Exercising With End-Stage Metabolic Disease: Prescription for Health

American College of Sports Medicine

April 09, 2010


Exercise can be a particularly daunting prospect for individuals with end-stage kidney or liver failure. However, it has been reported that exercise training improves blood pressure control, lipid profiles and overall feelings of well-being in some individuals. Improving your ability to perform low-level activities can mean the difference between continuing to work and live independently and becoming disabled. The key to maximizing the benefits of exercise is to follow a well-designed program that accommodates your specific needs and concerns.

Getting Started

  • Talk with your health care provider before starting an exercise program and ask for specific programming recommendations.

  • Take all medications as recommended by your physician.

  • The goals of your program should be to improve mobility, your ability to perform activities of daily living, and your overall fitness.

  • Choose low-impact activities such as walking, cycling or water exercises, which involve large muscles groups and can be done continuously. Low-intensity, longer-duration workouts are preferred over high-intensity activities.

  • Start with shorter sessions (10 to 15 minutes) and gradually build up to 20 to 60 minutes, four or more days per week.

  • Add high-repetition, low-resistance strength training and range-of-motion stretching exercises two to three times per week.

  • Practice performing daily activities, such as rising from a chair or climbing a flight of stairs.

  • Take frequent breaks during activity if needed. Use the ratings of perceived exertion as well as heart rate to measure the intensity of your workouts.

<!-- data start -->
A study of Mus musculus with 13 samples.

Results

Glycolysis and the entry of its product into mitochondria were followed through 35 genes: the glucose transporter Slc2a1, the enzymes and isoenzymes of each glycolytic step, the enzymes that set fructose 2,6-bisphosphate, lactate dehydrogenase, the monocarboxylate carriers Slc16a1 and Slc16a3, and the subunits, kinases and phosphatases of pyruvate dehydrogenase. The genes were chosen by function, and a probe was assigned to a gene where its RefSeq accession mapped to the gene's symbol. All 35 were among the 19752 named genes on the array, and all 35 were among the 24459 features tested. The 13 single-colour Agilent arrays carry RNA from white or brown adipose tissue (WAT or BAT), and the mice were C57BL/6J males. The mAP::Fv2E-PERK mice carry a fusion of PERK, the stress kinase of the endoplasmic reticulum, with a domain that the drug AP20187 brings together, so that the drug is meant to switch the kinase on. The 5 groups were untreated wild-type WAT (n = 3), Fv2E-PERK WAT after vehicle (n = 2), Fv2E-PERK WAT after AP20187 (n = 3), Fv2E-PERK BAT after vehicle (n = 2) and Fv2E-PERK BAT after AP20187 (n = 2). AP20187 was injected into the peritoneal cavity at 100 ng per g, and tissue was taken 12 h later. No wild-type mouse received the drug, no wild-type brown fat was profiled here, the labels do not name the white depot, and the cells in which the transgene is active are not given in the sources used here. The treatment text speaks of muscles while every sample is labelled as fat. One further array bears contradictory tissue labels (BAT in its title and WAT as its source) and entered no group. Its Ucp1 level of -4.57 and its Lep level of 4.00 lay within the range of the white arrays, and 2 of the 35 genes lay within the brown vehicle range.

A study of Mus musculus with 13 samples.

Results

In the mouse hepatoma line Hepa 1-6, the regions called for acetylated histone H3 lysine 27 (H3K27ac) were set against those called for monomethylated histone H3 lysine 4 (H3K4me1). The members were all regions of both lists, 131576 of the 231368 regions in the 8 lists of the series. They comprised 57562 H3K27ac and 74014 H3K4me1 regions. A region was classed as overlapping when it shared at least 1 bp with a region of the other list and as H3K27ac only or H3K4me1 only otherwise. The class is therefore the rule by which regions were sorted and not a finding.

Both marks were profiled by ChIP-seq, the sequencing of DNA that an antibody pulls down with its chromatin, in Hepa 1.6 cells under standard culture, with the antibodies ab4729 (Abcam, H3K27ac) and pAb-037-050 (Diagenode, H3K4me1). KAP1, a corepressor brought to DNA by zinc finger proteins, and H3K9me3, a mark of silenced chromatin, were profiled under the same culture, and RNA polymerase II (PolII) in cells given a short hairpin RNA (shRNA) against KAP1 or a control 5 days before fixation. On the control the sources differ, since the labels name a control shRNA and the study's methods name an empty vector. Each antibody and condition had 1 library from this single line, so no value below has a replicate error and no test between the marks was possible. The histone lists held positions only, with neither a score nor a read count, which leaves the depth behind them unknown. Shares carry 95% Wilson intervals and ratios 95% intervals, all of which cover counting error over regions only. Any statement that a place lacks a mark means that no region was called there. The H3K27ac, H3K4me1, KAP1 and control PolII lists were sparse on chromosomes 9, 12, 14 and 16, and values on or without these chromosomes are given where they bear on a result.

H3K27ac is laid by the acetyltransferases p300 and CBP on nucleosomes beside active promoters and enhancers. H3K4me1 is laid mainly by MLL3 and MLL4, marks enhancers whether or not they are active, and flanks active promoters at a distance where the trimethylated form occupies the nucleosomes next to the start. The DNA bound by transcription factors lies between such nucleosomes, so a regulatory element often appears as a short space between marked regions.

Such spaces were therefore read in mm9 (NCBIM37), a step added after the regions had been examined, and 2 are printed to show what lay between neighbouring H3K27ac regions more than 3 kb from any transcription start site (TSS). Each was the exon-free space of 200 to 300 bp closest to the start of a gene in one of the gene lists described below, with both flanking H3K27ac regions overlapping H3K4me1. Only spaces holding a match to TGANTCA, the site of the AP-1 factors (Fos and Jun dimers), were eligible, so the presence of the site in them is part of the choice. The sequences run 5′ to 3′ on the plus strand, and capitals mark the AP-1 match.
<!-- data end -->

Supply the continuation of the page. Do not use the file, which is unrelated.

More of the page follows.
Exercise Cautions

  • Closely monitor your intensity level and adjust your workouts if you feel fatigued. Gradual progression is essential.

  • Exercise may be less tolerable after dialysis treatment. However, exercise during dialysis is recommended whenever possible.

  • If you experience a medical setback, adjust your program accordingly.

Your exercise program should be designed to maximize the benefits with the fewest risks of aggravating your health or physical condition. Consider contacting a certified health and fitness professional* who can work with you and your health care provider to establish realistic goals and design a safe and effective program that addresses your specific needs.

For more information, visit www.exerciseismedicine.org or e-mail eim@acsm.org.

* If your health care provider has not cleared you for independent physical activity and would like you to be monitored in a hospital setting or a medical fitness facility, you should exercise only under the supervision of a certified professional. The American College of Sports Medicine (ACSM) has two groups of certified fitness professionals that could meet your needs. The ACSM Certified Clinical Exercise Specialist (CES) is certified to support those with heart disease, diabetes and lung disease. The ACSM Registered Clinical Exercise Physiologist (RCEP) is qualified to support patients with a wide range of health challenges. You may locate all ACSM-certified fitness professionals by using the ProFinder at www.acsm.org.

Sources: ACSM’s Guidelines for Exercise Testing and Prescription and other ACSM publications.